Trunk and neck kinematics during overground manual wheelchair propulsion in persons with tetraplegia

Marie C Julien, Kerri Morgan, Christina L Stephens, John Standeven, Jack Engsberg
Disability and Rehabilitation. Assistive Technology 2014, 9 (3): 213-8

PURPOSE: To test the hypothesis that movement of the head and trunk increases as a consequence of speed during manual wheelchair propulsion over the ground in individuals with tetraplegia.

METHODS: Seven adult participants with tetraplegia who used manual wheelchairs (5 men and 2 women, aged 33.0 ± 10.2) were selected for the study. Participants propelled over the ground at three different speeds while video motion capture methods collected kinematic data. Variables investigated were forward flexion, lateral flexion and axial rotation for both the head and trunk. Repeated measures ANOVA were used to determine effects of speed on head and trunk movements.

RESULTS: Both neck and trunk forward flexion significantly increased as a result of speed (p = 0.034, p = 0.031), with a large effect size (r = 0.6, r = 0.6) between slow and fast speeds. Lateral flexion and axial rotation were minimal for the neck and trunk and did not significantly increase with speed.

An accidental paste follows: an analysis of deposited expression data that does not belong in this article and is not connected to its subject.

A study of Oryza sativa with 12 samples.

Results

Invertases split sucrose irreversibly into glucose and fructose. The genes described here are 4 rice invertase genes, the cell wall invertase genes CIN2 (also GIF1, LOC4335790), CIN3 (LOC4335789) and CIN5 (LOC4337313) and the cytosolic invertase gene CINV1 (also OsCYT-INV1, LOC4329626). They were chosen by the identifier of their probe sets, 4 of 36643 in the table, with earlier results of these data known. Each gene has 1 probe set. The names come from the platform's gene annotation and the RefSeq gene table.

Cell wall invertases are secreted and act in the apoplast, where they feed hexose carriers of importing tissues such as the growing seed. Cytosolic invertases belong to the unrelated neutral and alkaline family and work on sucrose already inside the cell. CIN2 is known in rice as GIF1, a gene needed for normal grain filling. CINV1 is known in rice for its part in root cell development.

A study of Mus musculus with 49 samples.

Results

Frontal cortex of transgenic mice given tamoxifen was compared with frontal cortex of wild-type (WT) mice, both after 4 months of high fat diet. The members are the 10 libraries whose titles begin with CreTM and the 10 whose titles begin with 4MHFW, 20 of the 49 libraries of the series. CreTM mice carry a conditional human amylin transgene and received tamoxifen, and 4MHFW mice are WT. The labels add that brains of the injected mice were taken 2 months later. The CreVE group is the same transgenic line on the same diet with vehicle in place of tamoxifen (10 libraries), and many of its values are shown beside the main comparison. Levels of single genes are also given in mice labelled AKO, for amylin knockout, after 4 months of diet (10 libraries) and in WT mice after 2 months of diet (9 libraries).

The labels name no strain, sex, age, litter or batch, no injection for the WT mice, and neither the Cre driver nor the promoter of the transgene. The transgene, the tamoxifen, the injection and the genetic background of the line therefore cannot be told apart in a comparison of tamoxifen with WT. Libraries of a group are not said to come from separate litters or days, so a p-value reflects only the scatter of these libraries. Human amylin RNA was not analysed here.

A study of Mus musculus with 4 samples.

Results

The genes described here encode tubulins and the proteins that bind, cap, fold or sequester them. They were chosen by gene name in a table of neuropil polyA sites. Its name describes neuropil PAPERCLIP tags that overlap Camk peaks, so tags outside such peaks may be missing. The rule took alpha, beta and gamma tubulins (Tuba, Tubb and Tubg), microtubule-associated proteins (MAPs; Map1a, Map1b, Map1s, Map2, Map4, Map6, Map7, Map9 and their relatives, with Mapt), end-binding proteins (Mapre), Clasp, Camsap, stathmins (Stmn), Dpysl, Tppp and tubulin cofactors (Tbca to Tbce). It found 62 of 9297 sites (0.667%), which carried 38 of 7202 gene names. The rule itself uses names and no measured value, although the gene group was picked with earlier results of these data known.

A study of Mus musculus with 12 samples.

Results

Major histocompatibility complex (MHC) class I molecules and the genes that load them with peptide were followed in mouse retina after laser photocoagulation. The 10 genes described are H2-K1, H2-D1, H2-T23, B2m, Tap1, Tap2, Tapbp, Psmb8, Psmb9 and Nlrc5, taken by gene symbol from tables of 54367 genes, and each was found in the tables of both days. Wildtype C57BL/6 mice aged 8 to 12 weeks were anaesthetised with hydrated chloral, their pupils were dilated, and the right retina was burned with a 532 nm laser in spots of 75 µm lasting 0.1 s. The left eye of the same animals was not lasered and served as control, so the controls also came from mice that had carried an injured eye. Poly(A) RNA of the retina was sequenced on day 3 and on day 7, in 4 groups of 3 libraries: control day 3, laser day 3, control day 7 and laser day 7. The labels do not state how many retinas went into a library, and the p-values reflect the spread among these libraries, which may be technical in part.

CONCLUSIONS: Results suggest that manual wheelchair users with tetraplegia compensate for trunk muscle weakness by flexing the upper trunk and neck forward during manual wheelchair propulsion and that these movements increase with speed. Further studies should examine if these movements relate to overuse injuries and interventions that focus on improving manual wheelchair biomechanics of individuals with tetraplegia.

IMPLICATIONS FOR REHABILITATION: Individuals who use manual wheelchairs utilize their upper extremities almost exclusively for both everyday mobility and participation in daily life activities which can often lead to overuse injuries and pain. Despite having a lack of trunk muscle innervation, manual wheelchair users with tetraplegia are able to compensate for this weakness by using the upper trunk and neck. The way in which force is translated from the trunk through the upper extremities to the pushrim may impact propulsion biomechanics, and ultimately the extent in which upper extremity pain and injury develops. A better understanding of how individuals with trunk impairments propel a manual wheelchair will help clinicians determine optimal wheelchair positioning and training during rehabilitation for individuals with tetraplegia. Clinicians can determine ways in which they can support manual wheelchair users to allow for most efficient biomechanics.